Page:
Craddick files bill to update terminology for intellectually disabled


Spectrum of Solutions, Executive Director, Kayla Minchew says that this is a big victory for the state of Texas.

She also says that if the bill does pass, it’ll give a more appropriate terminology to those with intellectual disabilities.

Representative Craddick says that updating this termInology will ultimately help in the efforts to decrease the stigma behind disabilities.

The statement from Craddick says, “under this legislation, the state of Texas will change the statue which will replace “mental retardation” with “intellectual disability”.

Kathleen Kirwan Hanie, who worked with Craddick to propose the bill says in part quote “decades ago, words associated with mental illness or intellectual disabilities to insult someone were common in everyday vocabulary, but that time has come to an end.”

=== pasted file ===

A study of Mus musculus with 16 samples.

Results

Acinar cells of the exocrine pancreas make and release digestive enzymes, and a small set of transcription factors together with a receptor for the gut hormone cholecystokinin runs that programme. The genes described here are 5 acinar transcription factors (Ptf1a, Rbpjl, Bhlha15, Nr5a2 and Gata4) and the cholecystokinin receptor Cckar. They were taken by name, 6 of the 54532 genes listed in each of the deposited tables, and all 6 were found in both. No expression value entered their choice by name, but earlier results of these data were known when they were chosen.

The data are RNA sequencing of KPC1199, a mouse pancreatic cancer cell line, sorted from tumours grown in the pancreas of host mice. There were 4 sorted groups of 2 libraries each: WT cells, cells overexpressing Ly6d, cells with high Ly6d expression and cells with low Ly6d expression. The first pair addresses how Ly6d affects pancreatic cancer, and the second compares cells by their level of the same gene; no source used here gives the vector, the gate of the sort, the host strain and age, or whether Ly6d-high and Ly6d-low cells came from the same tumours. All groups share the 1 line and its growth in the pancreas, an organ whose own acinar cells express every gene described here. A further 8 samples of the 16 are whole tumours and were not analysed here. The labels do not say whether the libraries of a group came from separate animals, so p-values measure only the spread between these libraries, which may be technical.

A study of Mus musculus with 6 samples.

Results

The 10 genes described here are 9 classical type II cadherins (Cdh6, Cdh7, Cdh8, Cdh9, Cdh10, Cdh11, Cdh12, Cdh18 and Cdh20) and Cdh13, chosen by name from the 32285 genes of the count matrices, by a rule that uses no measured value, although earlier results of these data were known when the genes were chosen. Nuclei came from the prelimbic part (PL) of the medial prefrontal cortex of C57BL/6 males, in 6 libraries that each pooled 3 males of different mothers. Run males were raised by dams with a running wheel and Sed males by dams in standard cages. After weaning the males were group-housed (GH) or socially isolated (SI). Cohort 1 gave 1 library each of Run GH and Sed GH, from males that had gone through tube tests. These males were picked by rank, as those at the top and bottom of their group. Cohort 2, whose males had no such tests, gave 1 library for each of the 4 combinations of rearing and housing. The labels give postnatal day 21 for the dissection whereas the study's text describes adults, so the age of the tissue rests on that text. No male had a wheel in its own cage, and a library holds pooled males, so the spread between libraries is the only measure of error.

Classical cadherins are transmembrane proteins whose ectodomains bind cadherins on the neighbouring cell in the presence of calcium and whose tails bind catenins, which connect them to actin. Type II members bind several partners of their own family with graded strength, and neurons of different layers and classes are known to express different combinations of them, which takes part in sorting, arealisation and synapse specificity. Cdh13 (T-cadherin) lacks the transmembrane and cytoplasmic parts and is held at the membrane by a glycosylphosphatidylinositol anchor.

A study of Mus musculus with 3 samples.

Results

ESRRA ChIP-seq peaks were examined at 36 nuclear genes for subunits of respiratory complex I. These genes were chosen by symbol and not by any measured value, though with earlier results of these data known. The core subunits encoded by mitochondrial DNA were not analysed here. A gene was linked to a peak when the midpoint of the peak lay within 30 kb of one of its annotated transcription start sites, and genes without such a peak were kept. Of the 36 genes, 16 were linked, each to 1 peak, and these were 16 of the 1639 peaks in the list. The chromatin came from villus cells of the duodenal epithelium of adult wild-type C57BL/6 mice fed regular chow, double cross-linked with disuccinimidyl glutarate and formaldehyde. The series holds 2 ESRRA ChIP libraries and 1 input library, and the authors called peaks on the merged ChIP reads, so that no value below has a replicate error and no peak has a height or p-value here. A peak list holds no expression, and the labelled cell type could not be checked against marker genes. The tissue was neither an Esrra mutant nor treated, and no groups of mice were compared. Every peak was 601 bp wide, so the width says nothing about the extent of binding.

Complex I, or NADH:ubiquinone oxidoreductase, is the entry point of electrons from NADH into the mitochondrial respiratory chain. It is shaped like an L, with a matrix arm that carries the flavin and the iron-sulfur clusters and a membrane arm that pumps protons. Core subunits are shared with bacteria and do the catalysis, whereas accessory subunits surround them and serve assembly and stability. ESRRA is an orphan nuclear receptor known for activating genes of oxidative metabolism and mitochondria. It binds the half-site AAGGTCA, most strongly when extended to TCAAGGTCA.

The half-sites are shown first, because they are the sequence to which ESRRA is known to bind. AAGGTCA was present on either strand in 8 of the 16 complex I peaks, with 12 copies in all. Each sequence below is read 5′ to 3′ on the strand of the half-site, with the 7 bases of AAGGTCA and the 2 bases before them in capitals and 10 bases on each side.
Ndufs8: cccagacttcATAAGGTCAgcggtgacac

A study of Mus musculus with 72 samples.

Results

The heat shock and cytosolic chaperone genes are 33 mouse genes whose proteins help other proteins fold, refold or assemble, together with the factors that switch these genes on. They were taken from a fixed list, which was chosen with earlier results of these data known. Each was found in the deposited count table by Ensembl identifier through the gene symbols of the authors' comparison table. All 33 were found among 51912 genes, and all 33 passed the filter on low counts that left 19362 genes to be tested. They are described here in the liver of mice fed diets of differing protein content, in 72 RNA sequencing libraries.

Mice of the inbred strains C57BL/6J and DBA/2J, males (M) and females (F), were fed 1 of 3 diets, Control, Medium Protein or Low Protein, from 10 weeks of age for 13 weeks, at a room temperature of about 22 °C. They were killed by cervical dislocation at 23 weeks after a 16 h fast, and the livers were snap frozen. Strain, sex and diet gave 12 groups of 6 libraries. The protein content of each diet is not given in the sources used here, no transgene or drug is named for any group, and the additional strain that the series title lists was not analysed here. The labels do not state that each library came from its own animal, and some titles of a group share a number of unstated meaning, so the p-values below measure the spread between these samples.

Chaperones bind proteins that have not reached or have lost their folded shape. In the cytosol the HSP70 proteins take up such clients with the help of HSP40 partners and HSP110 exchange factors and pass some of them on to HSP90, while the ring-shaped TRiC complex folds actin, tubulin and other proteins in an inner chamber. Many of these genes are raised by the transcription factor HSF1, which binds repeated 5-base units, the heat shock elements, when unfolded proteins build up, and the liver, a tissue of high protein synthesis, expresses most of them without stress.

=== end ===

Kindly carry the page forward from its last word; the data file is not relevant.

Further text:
Spectrum of Solutions, in Midland, provides services for the individuals with intellectual and developmental disabilities.

Executive Director for Spectrum of Solutions, Kayla Minchew, says that if this bill passes, it’ll be a big win for all of Texas.

“We’re really excited to see the terminology change in Texas. It’s been a long time coming, and it’s important that we use the correct terminology when referring to our clients,” said Minchew.

Minchew says that mental retardation is a slur that is outdated and that is more insulting than informative.

Spectrum of Solutions was previously know as MARC but they changed it this year because of the slur, and now, Minchew says the community has responded by thanking them.

“When we changed our name, we had several parents reach out to us and say thank you. Thank you for making sure my child matters, thank you for my sibling for making sure their voice was heard,” said Minchew.

Spectrum of Solutions also began a campaign called “We ‘R’ Done” in the beginning of the year that allows citizens to take pledges to never use that slur.

“The ‘R’ slur. You and I don’t like to be called slang, we don’t like to be called names, so why would our clients with intellectual disabilities like that either. So we want to be mindful of how they feel and that’s why we have chosen not to use that word,” said Minchew.